The Month That Was – November 1926

The Oshawa Daily Reformer
November 2nd 1926        

Fedchishin started transporting chickens to Oshawa. They arrived bumping along in the body of a wagon behind a runaway horse. They were found to have been tied up in five bags and nine of the birds were suffocated so the S.P.C.A. officer N.S. Baird informed the court. A charge of cruelty was laid. To this through an interpreter, Fedchishin pleaded guilty and paid five dollars and costs.   

The Oshawa Daily Reformer
Says Change in Policy Is an Indication Ferguson’s Governm’t Can’t Be Trusted
November 3rd 1926


“The Ferguson Government cannot be trusted”, is the striking sentence in a statement on the political situation given to The Reformer this afternoon by W.E.N. Sinclair, K.C. leader of the Liberal Party of Ontario. The statement is brief in extent and Mr. Sinclair’s reaction to the announced curtailment by Premier Ferguson of his policy with respect to beer. 

The Oshawa Daily Reformer
Proposed New Fifty Room Hotel for Oshawa
November 4th 1926


The above picture shows the fine new structure which, according to present plans, will be erected on the site of the Borsberry property at King and Mary streets. G.W. Myles, promoter of Toronto, states that excavation work will start as soon as possible. The residence on the property now occupied by J.W. Borsberry is to be removed. Mr. Borsberry will move in possibly five or six weeks’ time. The front of the building is shown the terraces for summer use. The exterior work will be of brick and stucco with an all steel roof. The building will be absolutely fireproof.

The Oshawa Daily Reformer
November 4th 1926

London. Nov. 4. – Premier Mackenzie King, Ernest Lapointe and Madame Lapointe will be Canadian representatives at a dinner to be given tonight by King George at Buckingham Palace, to Dominion Premiers attending the Imperial Conference. Tomorrow, the Dominion Premiers will visit Manchester to receive the freedom of that city. Premier Mackenzie King will spend the weekend at Chequers as the guest of Premier Baldwin.

The Oshawa Daily Reformer
Four Killed, Three Injured As Prisoners Make Daring Attempt to Gain Freedom
November 4th 1926

New York. Nov 3. – Four men are dead and three wounded, two perhaps fatally, as the result of a spectacular outbreak late today in the Tombs, the famous Central Prison of New York. Three prisoners mysteriously supplied with arms and ammunition attempted to shoot their way to freedom. Two were killed and the third may die. The warden was shot and died five hours later. A keeper was instantly killed. Another several wounded and a spectator shot.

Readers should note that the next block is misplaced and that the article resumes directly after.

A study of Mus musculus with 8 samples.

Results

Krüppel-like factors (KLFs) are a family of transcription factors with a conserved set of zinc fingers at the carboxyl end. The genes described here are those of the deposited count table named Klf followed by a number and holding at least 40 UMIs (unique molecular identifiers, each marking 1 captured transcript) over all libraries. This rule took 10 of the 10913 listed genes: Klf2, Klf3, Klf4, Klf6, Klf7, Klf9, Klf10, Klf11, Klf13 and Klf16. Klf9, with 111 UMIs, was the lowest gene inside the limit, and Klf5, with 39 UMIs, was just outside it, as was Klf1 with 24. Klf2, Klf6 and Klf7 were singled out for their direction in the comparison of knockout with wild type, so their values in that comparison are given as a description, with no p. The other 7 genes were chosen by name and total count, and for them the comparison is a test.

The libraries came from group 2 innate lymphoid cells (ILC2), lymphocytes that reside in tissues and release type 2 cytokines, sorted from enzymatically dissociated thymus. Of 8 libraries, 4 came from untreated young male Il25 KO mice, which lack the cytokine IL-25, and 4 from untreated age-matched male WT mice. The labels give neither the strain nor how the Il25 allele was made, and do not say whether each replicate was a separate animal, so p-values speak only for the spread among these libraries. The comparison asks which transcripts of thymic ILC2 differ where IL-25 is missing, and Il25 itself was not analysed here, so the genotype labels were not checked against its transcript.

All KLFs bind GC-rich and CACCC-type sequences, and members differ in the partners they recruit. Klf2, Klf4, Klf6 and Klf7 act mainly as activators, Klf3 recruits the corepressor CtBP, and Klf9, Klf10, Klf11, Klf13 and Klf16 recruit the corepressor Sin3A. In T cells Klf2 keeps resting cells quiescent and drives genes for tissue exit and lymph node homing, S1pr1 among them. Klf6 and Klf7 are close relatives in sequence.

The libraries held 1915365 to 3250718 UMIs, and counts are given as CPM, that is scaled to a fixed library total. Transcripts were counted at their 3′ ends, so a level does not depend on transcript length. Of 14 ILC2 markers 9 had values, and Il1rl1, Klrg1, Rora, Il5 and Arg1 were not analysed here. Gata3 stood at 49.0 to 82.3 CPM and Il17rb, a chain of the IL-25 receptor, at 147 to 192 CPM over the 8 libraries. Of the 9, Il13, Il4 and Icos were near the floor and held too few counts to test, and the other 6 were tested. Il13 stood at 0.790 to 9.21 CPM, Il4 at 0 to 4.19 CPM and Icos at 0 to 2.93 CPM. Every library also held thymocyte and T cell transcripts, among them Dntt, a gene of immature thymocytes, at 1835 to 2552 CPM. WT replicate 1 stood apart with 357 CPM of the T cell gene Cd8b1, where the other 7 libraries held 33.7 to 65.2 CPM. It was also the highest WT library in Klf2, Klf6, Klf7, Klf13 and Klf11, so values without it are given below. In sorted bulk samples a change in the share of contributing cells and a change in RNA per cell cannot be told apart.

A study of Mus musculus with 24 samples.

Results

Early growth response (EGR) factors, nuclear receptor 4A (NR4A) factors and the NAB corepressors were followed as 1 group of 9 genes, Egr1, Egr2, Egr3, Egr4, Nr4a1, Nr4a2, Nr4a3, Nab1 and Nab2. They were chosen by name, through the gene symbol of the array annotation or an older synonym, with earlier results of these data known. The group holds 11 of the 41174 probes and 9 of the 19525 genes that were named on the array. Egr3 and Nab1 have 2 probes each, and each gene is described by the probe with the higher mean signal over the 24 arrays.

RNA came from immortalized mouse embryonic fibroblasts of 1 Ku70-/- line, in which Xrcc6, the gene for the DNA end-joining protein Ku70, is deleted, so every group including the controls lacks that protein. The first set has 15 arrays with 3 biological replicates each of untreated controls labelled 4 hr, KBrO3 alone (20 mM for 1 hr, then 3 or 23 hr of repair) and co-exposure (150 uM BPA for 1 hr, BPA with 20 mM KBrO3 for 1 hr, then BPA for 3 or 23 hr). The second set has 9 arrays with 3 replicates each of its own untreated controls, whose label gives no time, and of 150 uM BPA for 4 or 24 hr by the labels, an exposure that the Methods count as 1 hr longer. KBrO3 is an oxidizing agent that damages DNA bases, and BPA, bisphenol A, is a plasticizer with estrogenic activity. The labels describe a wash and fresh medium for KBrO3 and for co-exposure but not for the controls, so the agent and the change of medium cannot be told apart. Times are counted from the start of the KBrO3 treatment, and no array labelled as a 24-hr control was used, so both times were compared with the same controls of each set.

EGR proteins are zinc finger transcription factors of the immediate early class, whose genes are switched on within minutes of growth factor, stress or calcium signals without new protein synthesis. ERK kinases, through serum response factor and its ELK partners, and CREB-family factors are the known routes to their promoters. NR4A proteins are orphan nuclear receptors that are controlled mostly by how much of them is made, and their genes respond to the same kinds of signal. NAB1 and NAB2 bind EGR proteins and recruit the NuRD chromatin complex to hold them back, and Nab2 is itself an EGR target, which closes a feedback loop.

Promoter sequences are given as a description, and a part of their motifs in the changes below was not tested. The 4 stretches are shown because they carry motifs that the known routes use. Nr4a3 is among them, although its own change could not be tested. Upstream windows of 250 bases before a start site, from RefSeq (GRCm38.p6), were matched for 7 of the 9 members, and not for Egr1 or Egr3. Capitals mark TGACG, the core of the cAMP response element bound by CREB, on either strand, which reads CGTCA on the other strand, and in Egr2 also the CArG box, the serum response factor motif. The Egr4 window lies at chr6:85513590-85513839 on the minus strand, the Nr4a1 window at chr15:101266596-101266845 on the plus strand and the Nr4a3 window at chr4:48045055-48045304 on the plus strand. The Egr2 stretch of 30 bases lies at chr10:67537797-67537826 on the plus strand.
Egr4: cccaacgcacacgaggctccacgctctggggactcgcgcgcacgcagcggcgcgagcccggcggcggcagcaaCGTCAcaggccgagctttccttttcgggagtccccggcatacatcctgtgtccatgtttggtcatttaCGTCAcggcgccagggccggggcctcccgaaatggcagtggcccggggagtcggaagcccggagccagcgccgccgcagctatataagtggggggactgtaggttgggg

The Oshawa Daily Reformer
November 4th 1926

Last evening at 8:30 o’clock the assembly room of Simcoe Street United Church Sunday School was well filled with an enthusiastic body of Temperance workers, assembled at the call of the Executive of the Oshawa Prohibition Union to discuss ways and means of promoting their work in the present provincial election campaign.

The Oshawa Daily Reformer
November 4th 1926

Montreal. Nov, 3. – A stove pipe wire on his father’s back fence was the first piece of apparatus used by Prof. Alexander Graham Bell in the Bell Telephone Company of Canada, said W.H. Winter, assistant-general manager of that company, in the course of an address given to the Northern Electric Company Engineering Society in the Engineering Institute on Mansfield street.

The Oshawa Daily Reformer
Fifty Three Miners Perish When Caught in a Cave in
November 4th 1926

Ishpeming, Mich., Nov 3. – Fifty-three miners are believed to have lost their lives when the bottom of a swamp, under which the Barnes-Hecker iron mine, near here, today had been extended, dropped into the shaft.


The Oshawa Daily Reformer
November 11th 1926

For the first time in 70 years a woman was made a respondent in a divorce suit brought by a wife against her husband. Mrs. Jessie Pepper sought a divorce from her husband, and her counsel applied specially to have the respondent. Mrs. Gertrude Bake, made a respondent against her will. It was the first application of the kind that had been made since power was given under the Matrimonial Causes Act of 1857 to join a woman as a respondent as well as the husband.

The Oshawa Daily Reformer
“Empire Gidler” Ends Great Feat
November 13th 1926

Sir Alan Cobham. “Empire girdler,” completed his most elaborate air venture recently when he returned to England after flying to Australia and return, a distance of 28,000 miles. This great achievement, for which King George, not only establishes Cobham as one of the greatest airmen of the day, but shows the great possibilities of Empire air routes. Cobham regards his flight not as a “stunt” but as an effort to discover the best methods of running air routes and at the same time to demonstrate the practicability of flying.